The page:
I’ve had a couple of ‘epiphanies’ this morning and consequently have that weird floaty, happy/anxious feeling that I get at moments like this.
I didn’t go to StarEast but I, along with countless other software testers have been watching the virtual show through twitter.
Some of it I let go, but a couple of links I’ve clicked on to see what all the fuss is about. Boy, if the two links I clicked on are anything to go by, it would have been a great event to be at.
The first seismic changing event for me was listening to James Bach’s clip on what it means to be a buccaneer tester. Now James is a tester that I have mixed feelings about. I went on his RST course a few years ago and really enjoyed it. I loved his FOCUS/DEFOCUS heuristic and its one of my key techniques that I apply when I test. BUT, sometimes I find his style can be overly aggressive, especially when it comes to: oh crap, here I go, CERTIFICATION.
But not today. Today he was sublime and this key point hit me:
“We have got to be testing from our own place, not copying like parrots”
This resonated heaps with me as its a trap that I constantly fall into. Now, I pride myself on my software testing skills. I do have a fondness for exploratory testing and have a knack in asking the ‘right’ question when determining context. Here’s the crunch though. I call my approach pragmatic. In other words, I DONT ROCK THE BOAT.
So when asked, I will happily manage a team of scripted testers. Why? Because that is the process. That is how things are ‘done’ in that company.
This creates a dilemma for me, because it leads me to ask what in software testing do I really believe in? Where is my “own place”? To what lengths would I go to ensure Exploratory Testing was used in a team I led? (I know I would never personally create a test script, or follow one for that matter). This is pertinent to me because I’ve just gone for a test lead role that requires ‘strict adherence to a process’.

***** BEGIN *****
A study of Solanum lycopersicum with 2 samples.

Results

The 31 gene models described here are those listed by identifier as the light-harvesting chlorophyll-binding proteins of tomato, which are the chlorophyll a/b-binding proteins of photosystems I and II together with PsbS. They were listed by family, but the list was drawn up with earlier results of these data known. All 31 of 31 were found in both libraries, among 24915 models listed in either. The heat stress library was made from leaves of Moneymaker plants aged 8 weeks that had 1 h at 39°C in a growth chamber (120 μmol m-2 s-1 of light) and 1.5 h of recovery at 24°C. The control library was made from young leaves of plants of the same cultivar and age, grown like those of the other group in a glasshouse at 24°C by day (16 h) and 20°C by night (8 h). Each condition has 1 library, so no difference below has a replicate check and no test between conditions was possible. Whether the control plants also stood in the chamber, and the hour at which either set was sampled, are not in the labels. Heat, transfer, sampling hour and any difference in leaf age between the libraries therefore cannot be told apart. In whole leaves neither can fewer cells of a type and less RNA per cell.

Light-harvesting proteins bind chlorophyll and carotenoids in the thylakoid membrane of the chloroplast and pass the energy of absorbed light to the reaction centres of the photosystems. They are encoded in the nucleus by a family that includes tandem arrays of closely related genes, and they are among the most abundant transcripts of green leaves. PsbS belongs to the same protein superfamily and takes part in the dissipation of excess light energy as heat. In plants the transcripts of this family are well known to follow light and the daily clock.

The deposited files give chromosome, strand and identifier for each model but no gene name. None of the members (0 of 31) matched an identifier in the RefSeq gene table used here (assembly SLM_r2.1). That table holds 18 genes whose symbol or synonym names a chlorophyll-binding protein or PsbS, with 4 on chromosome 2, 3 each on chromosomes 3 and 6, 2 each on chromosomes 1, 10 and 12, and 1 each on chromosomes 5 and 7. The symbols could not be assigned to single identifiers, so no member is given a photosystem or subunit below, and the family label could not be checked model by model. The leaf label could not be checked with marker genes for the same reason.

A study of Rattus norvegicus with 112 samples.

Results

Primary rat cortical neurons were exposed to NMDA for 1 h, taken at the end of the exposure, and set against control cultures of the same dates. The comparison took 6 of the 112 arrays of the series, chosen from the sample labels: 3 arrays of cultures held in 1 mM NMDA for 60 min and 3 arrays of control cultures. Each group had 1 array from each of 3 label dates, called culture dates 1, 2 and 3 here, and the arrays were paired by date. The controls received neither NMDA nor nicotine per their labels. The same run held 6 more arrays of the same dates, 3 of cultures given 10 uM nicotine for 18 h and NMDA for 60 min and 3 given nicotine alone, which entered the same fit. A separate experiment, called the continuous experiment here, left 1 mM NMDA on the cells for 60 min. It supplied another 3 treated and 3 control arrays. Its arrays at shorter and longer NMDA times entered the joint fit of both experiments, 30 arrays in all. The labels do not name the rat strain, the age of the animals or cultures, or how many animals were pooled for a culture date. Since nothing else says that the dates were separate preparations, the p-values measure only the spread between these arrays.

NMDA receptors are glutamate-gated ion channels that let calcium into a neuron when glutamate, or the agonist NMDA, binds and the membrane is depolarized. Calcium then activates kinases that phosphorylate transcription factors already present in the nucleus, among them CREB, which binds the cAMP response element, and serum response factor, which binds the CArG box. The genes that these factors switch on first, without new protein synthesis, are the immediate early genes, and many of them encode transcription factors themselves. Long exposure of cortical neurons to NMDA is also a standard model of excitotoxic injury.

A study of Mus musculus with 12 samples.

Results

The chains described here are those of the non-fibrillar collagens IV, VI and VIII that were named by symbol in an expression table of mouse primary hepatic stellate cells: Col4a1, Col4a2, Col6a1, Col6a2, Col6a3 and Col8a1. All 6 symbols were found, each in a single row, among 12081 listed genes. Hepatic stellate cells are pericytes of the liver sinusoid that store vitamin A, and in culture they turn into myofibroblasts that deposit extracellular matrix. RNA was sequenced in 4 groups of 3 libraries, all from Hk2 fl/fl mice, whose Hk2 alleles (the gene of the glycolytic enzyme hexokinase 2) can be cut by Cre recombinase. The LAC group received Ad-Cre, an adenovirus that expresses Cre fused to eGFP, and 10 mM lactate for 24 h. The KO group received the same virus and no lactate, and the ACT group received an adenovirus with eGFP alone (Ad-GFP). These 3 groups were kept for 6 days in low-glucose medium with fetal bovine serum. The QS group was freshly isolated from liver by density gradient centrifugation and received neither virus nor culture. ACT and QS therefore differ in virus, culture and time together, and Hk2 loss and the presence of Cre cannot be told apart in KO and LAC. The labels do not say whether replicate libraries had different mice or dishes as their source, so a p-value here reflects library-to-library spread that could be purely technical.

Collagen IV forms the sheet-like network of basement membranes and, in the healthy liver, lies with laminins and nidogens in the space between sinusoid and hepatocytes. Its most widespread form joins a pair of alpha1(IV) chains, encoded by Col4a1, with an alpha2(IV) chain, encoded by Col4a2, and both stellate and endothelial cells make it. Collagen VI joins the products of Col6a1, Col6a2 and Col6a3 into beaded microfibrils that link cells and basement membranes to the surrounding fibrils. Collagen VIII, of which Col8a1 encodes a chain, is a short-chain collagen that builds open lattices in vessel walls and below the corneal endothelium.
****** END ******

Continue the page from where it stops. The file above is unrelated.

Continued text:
In order to be able to answer these questions, (and writing this post is helping me decide mine) and as James puts it ‘test from your own place’, y ou have to know where and what “that place” is. The only way your going to find it, is by taking a stand, having an opinion, suggesting a new approach and being prepared for people to disagree with you. To quietly agree(or disagree) is not going to help you know what you believe in.
It’s funny you know, I’ve always thought that being outspoken is such an ‘American’ thing. We ‘Europeans’ are way too polite to express our views so, well, blunt. Perhaps there is an element of difference in culture, but I don’t think I can hide behind that excuse any more.
Here’s the great thing though, when you find ‘your place’ you will be a lot more secure and that is going to help you become a better tester. Why? Because being secure about your place means you don’t have to worry about what other people think. You are less fearful one thing I know for sure:
IF YOU FEAR WHAT OTHERS THINK OF YOU, YOU WILL NEVER BE FREE TO LEARN NEW STUFF
It kind of goes with Elizabeth Hendrikson’s article that says “Not knowing answers isn’t sign of weakness; not asking question is” Being fearful of looking stupid, prevents you from asking the dumb question. By the way, before you pat yourself on the back about being able to ask ‘dumb questions” I believe its easy to ask the dumb question when your experienced in an area, but try doing it in a field where your not so experienced. It can be a real challenge.
And it can be a real challenge for experienced testers to ask ‘dumb questions’ when they want to appear knowledgeable. I think for wannabee experts this is a real trap. If you try and spend all your time looking like you have the answers, you put yourself in a situation where you stop asking ‘dumb questions’
Why do I believe all these things, because its what I feel and do sometimes. No often. And its something that it going to change. Now.
So thats why James Bach’s Video resonates so strongly with me.
Thank you James, you have once again been instrumental in my growth as a software tester.
Arghh, what’s that pieces of eight, pieces of eight?